Regular sleep habits are critical for children with diabetes
Research suggests there is an association between the amount of sleep children with diabetes get and how well their mind and body functions, including tight blood glucose management.
Research shows that managing the challenges of childhood diabetes warrants a closer look at a child’s nightly sleep patterns. Poor sleep habits, undetected sleep problems or more serious sleep disorders all affect the length and quality of deep sleep that a child needs.
In families where a child has diabetes, a regular bedtime routine and encouraging that a child sleeps the recommended number of hours each night helps to provide a healthy framework for quality sleep, and quality sleep helps to support positive diabetes management. Unfortunately, the opposite can occur when a child is sleep deprived which disrupts and diminishes the body’s ability to rest and regenerate, and this can negatively affect how a child feels and performs.
If you talk to most parents, bedtime routines vary from smooth and strictly enforced, to chaotic, unregulated and stressful. Parents play a key role in establishing a consistent bedtime routine for their child. A consistent bedtime routine for children, regardless of age, involve thoughtful strategies to help kids calm down and prepare for bed, and will assist them falling asleep. It can be hard for children to transition too quickly so do not rush the bedtime routine and try to keep the length of time about the same each night.
Routines are all about effective planning. School-age children ages six to 13 need nine to 11 hours of sleep, and teens ages 14 to 17 need nine to 10 hours of sleep per night. Parents should carefully consider timeframes so children get the maximum minutes each night based on the time they need to wake up the next morning.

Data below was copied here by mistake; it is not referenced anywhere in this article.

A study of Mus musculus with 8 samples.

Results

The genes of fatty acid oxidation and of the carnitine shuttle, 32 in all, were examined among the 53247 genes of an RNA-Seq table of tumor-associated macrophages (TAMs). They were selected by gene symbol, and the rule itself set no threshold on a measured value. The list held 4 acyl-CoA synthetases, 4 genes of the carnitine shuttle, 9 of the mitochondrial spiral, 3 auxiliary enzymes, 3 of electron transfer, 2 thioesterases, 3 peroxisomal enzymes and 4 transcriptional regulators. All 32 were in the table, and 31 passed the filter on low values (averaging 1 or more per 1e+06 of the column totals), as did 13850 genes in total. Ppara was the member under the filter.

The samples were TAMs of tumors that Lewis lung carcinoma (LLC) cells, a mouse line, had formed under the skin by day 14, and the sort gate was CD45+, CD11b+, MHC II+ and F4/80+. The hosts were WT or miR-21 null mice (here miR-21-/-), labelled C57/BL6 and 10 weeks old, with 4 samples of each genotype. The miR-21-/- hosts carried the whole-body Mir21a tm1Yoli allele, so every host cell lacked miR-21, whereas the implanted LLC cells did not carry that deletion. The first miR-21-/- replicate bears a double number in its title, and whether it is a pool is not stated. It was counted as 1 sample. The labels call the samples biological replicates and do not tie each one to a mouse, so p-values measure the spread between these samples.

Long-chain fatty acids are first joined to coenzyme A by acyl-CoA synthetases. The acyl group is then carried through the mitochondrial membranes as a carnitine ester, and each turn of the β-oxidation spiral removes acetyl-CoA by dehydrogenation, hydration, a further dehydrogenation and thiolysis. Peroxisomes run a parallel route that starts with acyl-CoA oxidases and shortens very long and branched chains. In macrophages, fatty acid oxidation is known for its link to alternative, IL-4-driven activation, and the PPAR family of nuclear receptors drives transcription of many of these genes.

As parents educate themselves about the importance of their diabetic child’s sleep patterns, it may also help them to occasionally reexamine their child’s bedtime routines and sleep habits, especially if they see their child being excessively tired, moody or having unexplained glucose spikes. Adding more minutes could be a healthful solution. Monitoring diabetes during the day requires diligence and compassion. Helping your child to navigate bedtime calmly and to get the rest they need requires the same diligence and compassion.
A child’s daytime activities make a difference in how well a child sleeps at night, especially when a child has diabetes. Stressful days can make it more difficult to unwind and fall asleep. Anxiety about poor glucose readings, navigating diabetic childhood burnout and adjusting to new medications and dosages, can all affect sleep patterns. If your child experiences any of these concerns or insomnia or other diabetic symptoms that can make it harder to fall sleep be sure to speak with your health care provider or diabetes educator. Sleep is vital to your child’s health so be resilient in your daily efforts to provide adequate time to sleep. As a parent, don’t underestimate the importance of sleep for yourself. Everyone benefits from the rest and rejuvenation that only sleep provides.